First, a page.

Can two distinct sounds blend into something new?
When Iraqi heritage meets American jazz you get something “hypnotic and utterly unique.” (TimeOut Chicago) Hamid Al-Saadi is a master of the centuries-old tradition of Iraqi maqam, a system of melodic modes in traditional Arabic instrumental and vocal music. He is the only living performer who has mastered all of the compositions of the maqam repertoire. Due to its intricate details, variations, and highly demanding vocal techniques, very few performers master the entire repertoire.
Amir ElSaffar, an Iraqi-American trumpeter, santur player, vocalist, and composer, has distinguished himself with a mastery of disparate musical styles and a singular approach to combining aspects of Middle Eastern music with American jazz, extending the boundaries of each tradition. In 2002, he put his New York jazz career on hold to immerse himself in the music of his father’s ancestral past, the Iraqi maqam, and has made innovative strides in creating a language that reconciles and combines the aesthetics and techniques of jazz and Middle Eastern music. Two Rivers was commissioned by Vijay Iyer, Cecil Taylor, and Daniel Barenboim as a suite that invokes Iraqi musical traditions framed in a modern jazz setting. The resultant sound is new and fresh, differing considerably from other contemporary cross-cultural musical fusions.
This double-bill performance brings together the traditional and the ever-evolving. As Yo-Yo Ma says, “If we want to preserve a tradition, the best way to preserve it is to let it evolve.”
Program Book [PDF]
Amir ElSaffar website
Hamid al-Saadi is currently one of the leading singers of the Iraqi maqam, and the only living performer who has mastered all of the compositions of the maqam repertoire. The centuries-old maqam tradition is unique to Iraq, and is considered one of the most perfected forms of modal music in the Arab world. Due to its intricate details, variations, and highly demanding vocal techniques, very few performers master the entire repertoire.
At a young age, Hamid, memorized all of the maqam compositions as they were passed down from masters before him and sang them with ease and mastery. Throughout the 1980s and ‘90s, he was a highly in-demand singer, performing regularly in Baghdad’s maqam venues and private parties, as well as the weekly television program, Sahra Ma’a Al-Maqam Al-‘Iraqi (An Evening with the Iraqi Maqam). He also taught at Beit Al-Maqam (House of Maqam) for seven years, influencing many singers in the younger generation.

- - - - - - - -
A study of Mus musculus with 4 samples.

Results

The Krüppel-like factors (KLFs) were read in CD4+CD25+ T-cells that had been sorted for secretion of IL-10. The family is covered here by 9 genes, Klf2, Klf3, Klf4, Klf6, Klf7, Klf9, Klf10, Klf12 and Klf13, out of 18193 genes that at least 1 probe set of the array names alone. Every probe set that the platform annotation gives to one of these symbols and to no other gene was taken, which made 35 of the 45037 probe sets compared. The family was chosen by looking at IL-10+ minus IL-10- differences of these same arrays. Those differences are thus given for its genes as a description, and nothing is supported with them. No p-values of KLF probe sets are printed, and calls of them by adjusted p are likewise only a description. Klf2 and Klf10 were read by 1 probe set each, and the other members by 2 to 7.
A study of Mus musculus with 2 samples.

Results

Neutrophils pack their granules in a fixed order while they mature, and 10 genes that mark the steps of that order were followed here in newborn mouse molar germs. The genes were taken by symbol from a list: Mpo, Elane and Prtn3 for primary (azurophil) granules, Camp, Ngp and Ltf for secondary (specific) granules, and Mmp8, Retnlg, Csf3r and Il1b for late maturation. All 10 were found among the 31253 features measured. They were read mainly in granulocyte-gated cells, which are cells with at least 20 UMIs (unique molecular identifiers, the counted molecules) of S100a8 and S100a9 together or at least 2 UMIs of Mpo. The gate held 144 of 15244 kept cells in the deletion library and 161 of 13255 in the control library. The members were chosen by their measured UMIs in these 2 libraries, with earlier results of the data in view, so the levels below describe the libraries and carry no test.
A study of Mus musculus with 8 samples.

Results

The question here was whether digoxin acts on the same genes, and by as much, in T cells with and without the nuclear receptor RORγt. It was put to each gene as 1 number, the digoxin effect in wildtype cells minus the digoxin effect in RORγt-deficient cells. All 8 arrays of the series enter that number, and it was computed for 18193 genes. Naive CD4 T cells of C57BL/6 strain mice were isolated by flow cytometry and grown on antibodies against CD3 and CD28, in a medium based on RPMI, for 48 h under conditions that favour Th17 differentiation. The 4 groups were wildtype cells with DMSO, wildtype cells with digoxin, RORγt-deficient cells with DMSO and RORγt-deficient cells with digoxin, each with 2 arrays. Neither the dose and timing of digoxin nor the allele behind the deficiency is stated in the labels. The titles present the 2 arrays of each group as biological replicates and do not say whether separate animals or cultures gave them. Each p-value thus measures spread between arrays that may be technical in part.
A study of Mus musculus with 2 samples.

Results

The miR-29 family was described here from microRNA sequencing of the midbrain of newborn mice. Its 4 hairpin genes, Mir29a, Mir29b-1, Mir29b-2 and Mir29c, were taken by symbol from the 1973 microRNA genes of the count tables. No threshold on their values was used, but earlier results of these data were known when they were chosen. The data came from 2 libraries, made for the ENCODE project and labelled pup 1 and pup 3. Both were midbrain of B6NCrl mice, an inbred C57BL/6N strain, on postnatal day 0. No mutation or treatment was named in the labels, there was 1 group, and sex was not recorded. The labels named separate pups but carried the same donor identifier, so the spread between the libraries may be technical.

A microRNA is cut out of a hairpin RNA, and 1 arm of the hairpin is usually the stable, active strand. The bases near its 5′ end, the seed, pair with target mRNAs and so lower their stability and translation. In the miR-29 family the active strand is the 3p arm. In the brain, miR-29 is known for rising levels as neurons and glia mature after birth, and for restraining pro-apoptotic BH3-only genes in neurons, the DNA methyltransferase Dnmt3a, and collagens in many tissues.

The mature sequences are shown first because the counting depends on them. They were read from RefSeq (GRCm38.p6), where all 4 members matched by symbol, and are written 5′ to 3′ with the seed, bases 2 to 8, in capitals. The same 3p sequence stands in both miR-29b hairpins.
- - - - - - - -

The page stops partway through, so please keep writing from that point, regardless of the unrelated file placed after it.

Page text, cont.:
Muhammad Al-Gubbenchi (1900-1989), who was unquestionably the most influential Iraqi maqam singer in the 20th century, described Al-Saa’di as the “best link in the continuity of the art of the Iraqi maqam over the ages,” and Yusuf Omar (1918-1987), who was Al-Gubbenchi’s best student and himself a very important singer, named Al-Saa’di as his successor.
Hamid lived in London from 1999 until 2004, where he performed on a semi-regular basis, taught private lessons, and gave lectures at SOAS, Kingston University, and the Kufa Gallery. He has performed throughout Europe, as well as in Tunisia, Amman, and Beirut. Al-Saa’di’s 2005 book, Al-Maqam wa Buhoor al-Angham, gives detailed explanations of the Iraqi Maqams and is an invaluable resource to the maqam student. After spending the past several years in Iraq, Hamid has moved to Amman, Jordan, where there is a quickly growing scene of Iraqi musicians and artists. Here, he has found more opportunities to perform in secular and religious settings, and to develop his art with other maqam musicians.
UMS welcomes Hamid al-Saadi for this UMS debut performance.
Winner of the 2001 Carmine Caruso International Jazz Trumpet competition, Iraqi-American trumpeter Amir ElSaffar put his New York career on hold in 2002 to immerse himself in the music of his father’s ancestral past, the Iraqi maqam. Traveling throughout the Middle East and Europe to study with masters of the centuries-old oral traditional form, Mr. ElSaffar mastered maqam and learned to sing and play the santoor (Iraqi hammered dulcimer). Mr. ElSaffar now leads his own own group, Safaafir, the only American group performing Iraqi maqam. He has created new techniques that enable microtones and ornaments not typically heard from the trumpet but which are characteristic of Arabic music. Mr. ElSaffar has collaborated with an array of artists, including Rudresh Mahanthappa, Vijay Iyer, Cecil Taylor, and Daniel Barenboim, and was commissioned to compose Two Rivers, a suite that invokes Iraqi musical traditions framed in a modern jazz setting. The recorded version of Two Rivers (Pi Recordings) was released in 2007, and was performed with a 17-piece ensemble at the 2008 Made In Chicago Festival and at New York’s Lincoln Center Out of Doors Festival in 2009. Mr. ElSaffar has also composed for theater projects and film soundtracks, and appeared in Jonathan Demme’s film Rachel Getting Married.
Amir ElSaffar made his UMS debut in April, 2010, performing alongside with Danilo Perez.